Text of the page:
Two summers ago, Senior Fellows Rachel Salcedo and Daniel McElroy undertook a research trip across Arizona, New Mexico and Texas, meeting with legal aid, social services and advocacy organizations on the frontlines of America’s immigration debate. They had originally received the funding for this trip towards realizing an artistic response to the abundance of misinformation surrounding the issue, but also hoped to at some point use the experience towards a more academic/educational end—when it came time to develop an Action Project, it seemed the perfect opportunity to continue with a subject they are both passionate about.

As much as American media does cover issues surrounding immigration, Rachel and Daniel found that the information presented is almost always incomplete. News reports on everything, from Immigration and Customs Enforcement (ICE) raids on undocumented communities to Trump’s infamous border wall, and from migrants’ harrowing journeys to the U.S. to their plight crossing arid Southwestern deserts, are often presented as 2-minute news segments or quick online reads that leave out much more of the story than they tell. By creating a simulation that asks you to, in effect, become one of these migrants, Rachel and Daniel are hoping to bring together the different fragments of a much wider narrative.

News reports are often presented as 2-minute news segments or quick online reads that leave out much more of the story than they tell.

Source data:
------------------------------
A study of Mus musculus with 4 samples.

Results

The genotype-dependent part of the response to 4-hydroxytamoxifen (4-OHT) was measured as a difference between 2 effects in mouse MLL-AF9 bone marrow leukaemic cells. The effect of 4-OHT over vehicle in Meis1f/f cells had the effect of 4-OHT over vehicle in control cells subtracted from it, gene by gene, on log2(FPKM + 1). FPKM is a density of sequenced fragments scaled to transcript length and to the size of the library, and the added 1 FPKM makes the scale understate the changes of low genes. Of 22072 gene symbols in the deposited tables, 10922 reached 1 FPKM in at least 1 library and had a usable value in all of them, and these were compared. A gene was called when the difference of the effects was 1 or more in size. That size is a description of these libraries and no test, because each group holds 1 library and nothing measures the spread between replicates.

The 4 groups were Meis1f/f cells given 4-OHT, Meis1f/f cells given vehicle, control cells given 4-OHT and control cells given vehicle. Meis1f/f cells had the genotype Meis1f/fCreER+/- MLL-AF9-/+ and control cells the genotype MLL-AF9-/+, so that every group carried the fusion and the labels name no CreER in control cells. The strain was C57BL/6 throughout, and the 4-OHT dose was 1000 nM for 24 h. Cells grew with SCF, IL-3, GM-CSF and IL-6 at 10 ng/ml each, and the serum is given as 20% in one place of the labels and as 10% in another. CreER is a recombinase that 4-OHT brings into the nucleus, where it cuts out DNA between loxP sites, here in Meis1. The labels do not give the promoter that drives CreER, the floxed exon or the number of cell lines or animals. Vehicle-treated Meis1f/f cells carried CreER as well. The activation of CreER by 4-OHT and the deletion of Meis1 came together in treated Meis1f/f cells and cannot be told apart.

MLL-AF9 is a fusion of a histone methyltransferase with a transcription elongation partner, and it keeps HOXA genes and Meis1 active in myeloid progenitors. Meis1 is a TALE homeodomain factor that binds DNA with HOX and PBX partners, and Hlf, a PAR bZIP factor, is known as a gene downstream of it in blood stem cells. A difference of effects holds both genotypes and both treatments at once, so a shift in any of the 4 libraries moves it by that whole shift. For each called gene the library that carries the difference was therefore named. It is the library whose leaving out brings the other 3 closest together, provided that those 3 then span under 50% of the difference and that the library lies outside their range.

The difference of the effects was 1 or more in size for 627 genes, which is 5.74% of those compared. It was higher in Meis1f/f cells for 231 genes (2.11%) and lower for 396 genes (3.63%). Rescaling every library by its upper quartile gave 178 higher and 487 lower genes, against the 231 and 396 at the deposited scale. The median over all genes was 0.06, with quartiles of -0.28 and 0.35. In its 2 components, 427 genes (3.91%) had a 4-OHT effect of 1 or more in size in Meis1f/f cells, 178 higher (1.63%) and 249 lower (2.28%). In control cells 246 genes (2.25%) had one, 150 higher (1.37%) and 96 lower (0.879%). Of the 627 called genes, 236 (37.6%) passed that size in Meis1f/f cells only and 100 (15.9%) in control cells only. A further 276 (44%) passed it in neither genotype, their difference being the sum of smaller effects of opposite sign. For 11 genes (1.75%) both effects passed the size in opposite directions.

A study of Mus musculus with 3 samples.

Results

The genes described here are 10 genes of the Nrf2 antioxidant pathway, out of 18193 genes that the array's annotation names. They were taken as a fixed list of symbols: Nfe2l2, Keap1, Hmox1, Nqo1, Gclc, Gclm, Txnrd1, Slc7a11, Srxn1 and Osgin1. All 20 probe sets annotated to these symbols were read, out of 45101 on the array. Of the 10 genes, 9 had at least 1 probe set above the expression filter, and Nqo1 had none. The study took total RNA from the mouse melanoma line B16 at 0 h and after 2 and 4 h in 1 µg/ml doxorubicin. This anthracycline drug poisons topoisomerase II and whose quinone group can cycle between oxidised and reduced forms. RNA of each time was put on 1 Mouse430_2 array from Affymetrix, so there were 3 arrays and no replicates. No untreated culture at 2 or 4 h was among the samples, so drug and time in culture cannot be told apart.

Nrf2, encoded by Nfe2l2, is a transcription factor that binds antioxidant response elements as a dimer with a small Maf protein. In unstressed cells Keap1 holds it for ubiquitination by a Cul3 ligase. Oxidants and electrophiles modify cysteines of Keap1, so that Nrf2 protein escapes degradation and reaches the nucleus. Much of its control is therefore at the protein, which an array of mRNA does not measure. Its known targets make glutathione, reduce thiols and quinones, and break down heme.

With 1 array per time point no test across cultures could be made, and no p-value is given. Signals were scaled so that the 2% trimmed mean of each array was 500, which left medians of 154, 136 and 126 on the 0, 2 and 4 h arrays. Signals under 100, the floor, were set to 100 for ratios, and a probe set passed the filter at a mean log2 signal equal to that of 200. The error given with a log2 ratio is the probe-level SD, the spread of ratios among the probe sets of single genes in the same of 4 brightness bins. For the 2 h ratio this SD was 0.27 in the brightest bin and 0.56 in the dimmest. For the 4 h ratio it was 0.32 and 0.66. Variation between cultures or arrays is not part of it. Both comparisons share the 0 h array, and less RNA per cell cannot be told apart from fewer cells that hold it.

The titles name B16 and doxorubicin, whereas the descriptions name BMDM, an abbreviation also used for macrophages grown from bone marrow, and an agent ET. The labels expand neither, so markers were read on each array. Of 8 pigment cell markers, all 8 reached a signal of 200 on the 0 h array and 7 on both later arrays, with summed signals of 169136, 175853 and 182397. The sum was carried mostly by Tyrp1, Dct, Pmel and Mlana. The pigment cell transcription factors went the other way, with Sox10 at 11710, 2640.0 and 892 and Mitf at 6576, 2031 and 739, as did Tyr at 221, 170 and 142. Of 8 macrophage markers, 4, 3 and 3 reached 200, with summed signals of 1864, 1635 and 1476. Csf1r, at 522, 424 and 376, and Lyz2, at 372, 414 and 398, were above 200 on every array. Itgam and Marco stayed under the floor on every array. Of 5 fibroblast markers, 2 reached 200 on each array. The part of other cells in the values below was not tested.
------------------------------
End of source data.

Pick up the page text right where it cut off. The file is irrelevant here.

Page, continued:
Their website offers three different stories that users can choose to follow. Each story allows the user to make various choices along the way that will impact their outcome. Each portion of the story also has information that helps supplement the experience and reminds the user of the very human implications and costs of immigration and asylum.

They began work on Path to Asylum by re-visiting their original research. This involved updating it to be in line with the most recent policy updates surrounding the issue, and also involved a great deal more research as they chose to broaden the scope of the site to include one simulation of an asylum seeker coming from Egypt, a very different path than the other two simulations developed.

Rachel and Daniel hope that the model contextualizes this subject for users, allowing them to gain empathy for asylum seekers in a way that simply hearing soundbites and news headlines cannot.

Collecting outside resources for the participants to read further was a challenge for Rachel and Daniel. This element took the most amount of time. Rachel and Daniel hope to continue to refine the research and update the site as circumstances change in the public sphere. They would also love to eventually collaborate with more skillful web developers to deepen the functionality of the site and offer an even more interactive experience.